Boeing sales fall short of 2016 predictions. Boeing sales fall short of 2016 predictions.

Boeing Co fell 80 planes short of its goal for new orders in 2016, but likely clinched the title of world’s biggest planemaker for another year.

Boeing said it delivered 748 jetliners last year and booked net orders for 668 aircraft worth about $94 billion at list prices. Boeing had predicted orders would roughly match deliveries, which it forecast at between 745 and 750 planes, Reuters reported on January 7.

Boeing’s delivery total likely means the Chicago-based aerospace and defense company beat European rival Airbus on output. Airbus has forecast at least 670 deliveries in 2016, and is due to report totals on Wednesday.

Airlines have slowed their shopping for jets, especially large widebody models, causing Boeing’s “book to bill” ratio of new sales to deliveries to fall to its lowest level since 2004.

Even so, Boeing’s orders fell less than expected, suggesting aggressive sales campaigns at yearend, analysts said.

  737 MAX Factor

Airbus has a price advantage thanks to the strong US dollar, putting pressure on Boeing’s sales team.

Boeing’s deliveries also slowed as the company began building the new 737 MAX narrowbody at its factory in Renton, Washington. The first MAX planes take longer to assemble than older 737 models, and cannot be delivered until Boeing finishes flight tests and gets government certification.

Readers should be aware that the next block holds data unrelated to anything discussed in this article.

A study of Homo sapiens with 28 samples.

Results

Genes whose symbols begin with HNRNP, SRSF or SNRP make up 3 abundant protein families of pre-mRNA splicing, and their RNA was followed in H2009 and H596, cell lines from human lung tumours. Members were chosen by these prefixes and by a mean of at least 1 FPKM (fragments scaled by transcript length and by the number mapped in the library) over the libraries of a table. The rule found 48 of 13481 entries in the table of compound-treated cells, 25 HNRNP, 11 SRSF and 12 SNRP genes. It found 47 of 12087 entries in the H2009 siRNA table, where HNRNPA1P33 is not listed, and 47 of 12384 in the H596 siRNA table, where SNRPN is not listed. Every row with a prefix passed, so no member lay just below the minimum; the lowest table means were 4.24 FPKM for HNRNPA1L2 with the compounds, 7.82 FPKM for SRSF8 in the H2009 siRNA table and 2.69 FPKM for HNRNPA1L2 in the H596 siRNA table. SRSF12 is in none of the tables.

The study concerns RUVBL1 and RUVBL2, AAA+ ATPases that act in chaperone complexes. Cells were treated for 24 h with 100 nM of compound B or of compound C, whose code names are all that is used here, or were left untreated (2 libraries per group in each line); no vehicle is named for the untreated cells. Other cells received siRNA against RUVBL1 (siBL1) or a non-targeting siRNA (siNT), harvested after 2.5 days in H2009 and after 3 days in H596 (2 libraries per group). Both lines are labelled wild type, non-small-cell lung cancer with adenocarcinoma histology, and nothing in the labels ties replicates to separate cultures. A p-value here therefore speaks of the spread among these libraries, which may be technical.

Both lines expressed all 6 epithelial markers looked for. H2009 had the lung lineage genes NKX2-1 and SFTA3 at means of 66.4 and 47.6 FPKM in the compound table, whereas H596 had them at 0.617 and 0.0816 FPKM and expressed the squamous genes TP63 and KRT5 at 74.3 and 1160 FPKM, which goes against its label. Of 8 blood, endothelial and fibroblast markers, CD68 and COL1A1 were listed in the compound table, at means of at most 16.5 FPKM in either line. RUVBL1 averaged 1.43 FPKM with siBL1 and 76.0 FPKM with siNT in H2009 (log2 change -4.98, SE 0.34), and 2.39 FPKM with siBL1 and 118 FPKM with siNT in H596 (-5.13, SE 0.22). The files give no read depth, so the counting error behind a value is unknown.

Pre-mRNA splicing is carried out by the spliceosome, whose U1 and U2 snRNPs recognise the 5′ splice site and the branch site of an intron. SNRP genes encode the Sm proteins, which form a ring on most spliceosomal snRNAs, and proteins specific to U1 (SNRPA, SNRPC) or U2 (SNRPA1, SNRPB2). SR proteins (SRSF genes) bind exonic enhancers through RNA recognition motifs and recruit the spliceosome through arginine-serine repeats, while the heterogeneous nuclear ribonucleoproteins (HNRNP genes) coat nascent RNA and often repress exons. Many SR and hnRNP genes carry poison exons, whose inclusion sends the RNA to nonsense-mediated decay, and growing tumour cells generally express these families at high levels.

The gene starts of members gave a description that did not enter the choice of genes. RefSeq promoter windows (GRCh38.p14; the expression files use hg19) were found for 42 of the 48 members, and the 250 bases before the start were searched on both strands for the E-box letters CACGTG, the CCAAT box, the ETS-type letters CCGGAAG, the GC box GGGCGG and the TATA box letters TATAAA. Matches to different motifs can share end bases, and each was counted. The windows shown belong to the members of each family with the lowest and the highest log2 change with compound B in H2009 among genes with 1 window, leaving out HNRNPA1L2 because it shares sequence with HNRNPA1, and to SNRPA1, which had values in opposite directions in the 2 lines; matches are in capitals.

Deliveries likely will rise this year as MAX planes that welled up in inventory are delivered. But the gain will be tempered by a 40% cut in production of 777 widebodies. Analysts expect 777 deliveries will fall to 3.5 a month in 2018, from 8.3 currently, as the successor 777X model enters production.

The final days of 2016 marked a busy time for Boeing’s new sales chief Ihssane Mounir. The sales force booked 198 net new orders since December 20, including 189 orders from unidentified customers. The tally did not include any of its pending orders for Iran, the company said.

The total included 194 orders worth about $21 billion at list prices for Boeing’s 737 MAX.

The new tally lifts Boeing’s total backlog to 5,715 commercial jets, equivalent to about seven years of production, the majority of which are 737 planes.